The History of Locksmithing:

People have always had a need to protect their homes and possessions from intruders and thieves.
Because locks are the primary method for safeguarding our property and belongings, it’s no surprise that locksmiths have always had an important job to do.

Locks come in all shapes and sizes, from basic padlocks, to the most up to date state of the art technology such as retinal scanning, but the very first lock was made from wood over 4000 years ago. These wooden locks were invented by the Egyptians who pioneered the technique of using falling pins to control the movement of the security lock. The bolt was freed from the lock position with the use of a large and cumbersome key, and had to be manually lifted upwards to displace the pins.

In early roman times, rich families kept their valuables in secure boxes in the home. It was common practice for rich men and women to wear keys as rings on their fingers, not only so they could be kept handy at all times, but also as a way of displaying their wealth. Keys were status symbols, signalling to others that the wearer had jewellery and cash worth securing.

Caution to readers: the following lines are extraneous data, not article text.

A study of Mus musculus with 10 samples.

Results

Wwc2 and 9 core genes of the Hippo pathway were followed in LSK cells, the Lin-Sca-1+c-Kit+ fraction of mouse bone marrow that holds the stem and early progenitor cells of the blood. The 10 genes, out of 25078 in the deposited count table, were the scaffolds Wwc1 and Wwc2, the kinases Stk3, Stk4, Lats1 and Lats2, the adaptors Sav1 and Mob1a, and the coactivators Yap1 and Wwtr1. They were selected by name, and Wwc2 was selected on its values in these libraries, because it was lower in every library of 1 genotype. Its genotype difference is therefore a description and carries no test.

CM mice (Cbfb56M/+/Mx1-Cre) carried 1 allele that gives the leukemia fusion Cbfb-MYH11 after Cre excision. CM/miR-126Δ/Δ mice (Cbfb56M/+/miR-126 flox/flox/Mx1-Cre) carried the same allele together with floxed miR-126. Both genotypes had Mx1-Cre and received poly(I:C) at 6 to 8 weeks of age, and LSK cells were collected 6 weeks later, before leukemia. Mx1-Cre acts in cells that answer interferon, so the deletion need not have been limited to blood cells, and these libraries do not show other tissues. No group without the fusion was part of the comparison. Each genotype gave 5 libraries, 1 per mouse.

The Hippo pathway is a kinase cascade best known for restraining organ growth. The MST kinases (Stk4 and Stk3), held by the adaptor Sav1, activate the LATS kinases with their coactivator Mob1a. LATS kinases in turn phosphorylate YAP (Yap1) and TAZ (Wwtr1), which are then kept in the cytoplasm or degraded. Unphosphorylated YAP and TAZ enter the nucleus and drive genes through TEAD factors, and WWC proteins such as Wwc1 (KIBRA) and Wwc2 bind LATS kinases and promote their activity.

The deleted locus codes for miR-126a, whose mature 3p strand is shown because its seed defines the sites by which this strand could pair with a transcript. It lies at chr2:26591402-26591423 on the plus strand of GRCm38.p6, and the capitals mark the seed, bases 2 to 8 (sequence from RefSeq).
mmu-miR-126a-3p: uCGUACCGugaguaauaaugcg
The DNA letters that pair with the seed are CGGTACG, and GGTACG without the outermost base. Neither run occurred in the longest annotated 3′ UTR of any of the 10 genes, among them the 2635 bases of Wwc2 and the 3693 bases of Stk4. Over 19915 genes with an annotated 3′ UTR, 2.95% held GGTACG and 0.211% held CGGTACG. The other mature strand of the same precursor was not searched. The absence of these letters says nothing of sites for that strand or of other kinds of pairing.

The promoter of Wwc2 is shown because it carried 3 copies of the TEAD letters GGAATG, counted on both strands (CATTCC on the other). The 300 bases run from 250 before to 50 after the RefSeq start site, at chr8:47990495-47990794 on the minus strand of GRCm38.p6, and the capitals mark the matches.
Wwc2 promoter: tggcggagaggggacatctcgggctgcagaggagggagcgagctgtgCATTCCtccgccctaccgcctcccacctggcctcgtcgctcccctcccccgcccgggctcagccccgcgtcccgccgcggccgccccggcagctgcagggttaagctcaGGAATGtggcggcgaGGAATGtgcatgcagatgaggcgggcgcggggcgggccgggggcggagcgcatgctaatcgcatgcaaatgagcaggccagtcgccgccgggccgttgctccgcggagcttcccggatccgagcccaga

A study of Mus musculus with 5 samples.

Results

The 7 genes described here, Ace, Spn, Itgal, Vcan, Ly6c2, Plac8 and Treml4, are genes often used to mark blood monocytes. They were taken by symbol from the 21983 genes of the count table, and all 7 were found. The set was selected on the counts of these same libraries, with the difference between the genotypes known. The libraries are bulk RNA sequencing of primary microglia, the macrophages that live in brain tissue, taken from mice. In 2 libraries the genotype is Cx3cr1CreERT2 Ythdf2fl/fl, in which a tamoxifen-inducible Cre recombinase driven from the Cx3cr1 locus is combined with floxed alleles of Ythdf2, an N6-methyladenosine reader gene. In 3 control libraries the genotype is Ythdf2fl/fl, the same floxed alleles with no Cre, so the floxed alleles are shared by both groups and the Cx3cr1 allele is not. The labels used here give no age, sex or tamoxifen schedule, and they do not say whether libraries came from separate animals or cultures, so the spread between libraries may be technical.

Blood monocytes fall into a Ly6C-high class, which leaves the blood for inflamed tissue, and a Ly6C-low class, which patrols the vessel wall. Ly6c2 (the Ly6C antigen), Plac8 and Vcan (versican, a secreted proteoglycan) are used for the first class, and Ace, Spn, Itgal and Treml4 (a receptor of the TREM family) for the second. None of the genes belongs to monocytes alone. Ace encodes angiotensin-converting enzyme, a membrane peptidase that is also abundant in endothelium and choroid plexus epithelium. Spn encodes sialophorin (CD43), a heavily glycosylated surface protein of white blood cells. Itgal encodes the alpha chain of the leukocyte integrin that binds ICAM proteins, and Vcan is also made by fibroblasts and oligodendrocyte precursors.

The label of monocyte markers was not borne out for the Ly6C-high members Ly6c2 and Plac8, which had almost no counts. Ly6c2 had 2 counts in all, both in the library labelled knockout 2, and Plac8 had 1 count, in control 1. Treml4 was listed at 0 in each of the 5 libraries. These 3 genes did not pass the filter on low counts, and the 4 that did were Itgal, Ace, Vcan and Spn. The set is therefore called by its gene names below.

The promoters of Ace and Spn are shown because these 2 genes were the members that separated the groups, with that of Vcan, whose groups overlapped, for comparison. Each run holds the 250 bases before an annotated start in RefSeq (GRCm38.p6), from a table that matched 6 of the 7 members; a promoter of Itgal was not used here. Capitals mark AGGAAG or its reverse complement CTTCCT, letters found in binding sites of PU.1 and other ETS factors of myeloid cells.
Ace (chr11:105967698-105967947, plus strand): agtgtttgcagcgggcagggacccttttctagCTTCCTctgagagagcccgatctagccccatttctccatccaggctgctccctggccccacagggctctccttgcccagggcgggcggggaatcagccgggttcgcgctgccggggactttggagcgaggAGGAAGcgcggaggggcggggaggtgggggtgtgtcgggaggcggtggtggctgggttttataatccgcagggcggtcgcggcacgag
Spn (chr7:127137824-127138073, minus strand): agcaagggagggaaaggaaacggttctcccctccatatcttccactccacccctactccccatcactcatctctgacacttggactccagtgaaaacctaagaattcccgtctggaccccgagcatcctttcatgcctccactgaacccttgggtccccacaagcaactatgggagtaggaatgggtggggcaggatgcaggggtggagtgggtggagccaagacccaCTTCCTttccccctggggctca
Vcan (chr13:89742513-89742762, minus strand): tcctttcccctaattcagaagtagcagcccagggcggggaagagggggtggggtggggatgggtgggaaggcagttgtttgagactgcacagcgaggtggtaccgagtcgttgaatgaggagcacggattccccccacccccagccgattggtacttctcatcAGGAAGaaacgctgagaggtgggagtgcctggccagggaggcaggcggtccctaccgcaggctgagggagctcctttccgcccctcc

The first locks made from metal began to appear around 870 AD, and it’s believed they were made by English craftsmen.

The American lock industry really began in the mid 1700s. With the founding of the Republic and new prosperity, there was a growing demand for sturdy door locks, padlocks, and locks for safes and vaults. Between 1774 and 1920, American lock makers patented around 3,000 varieties of lock devices; amongst these was the patent for the “domestic lock,” by Linus Yale, and a new type of cylindrical pin tumbler lock developed by Walter Schlage.

For a long period of time, locksmiths were skilled metal workers who created by hand the dozens of individual pieces necessary for a lock to work, and hand forging the keys to open them. Today, modern manufacturers produce 99.9% of commercial locks, and the job of the locksmith predominantly involves repairing locks and giving advice around security issues.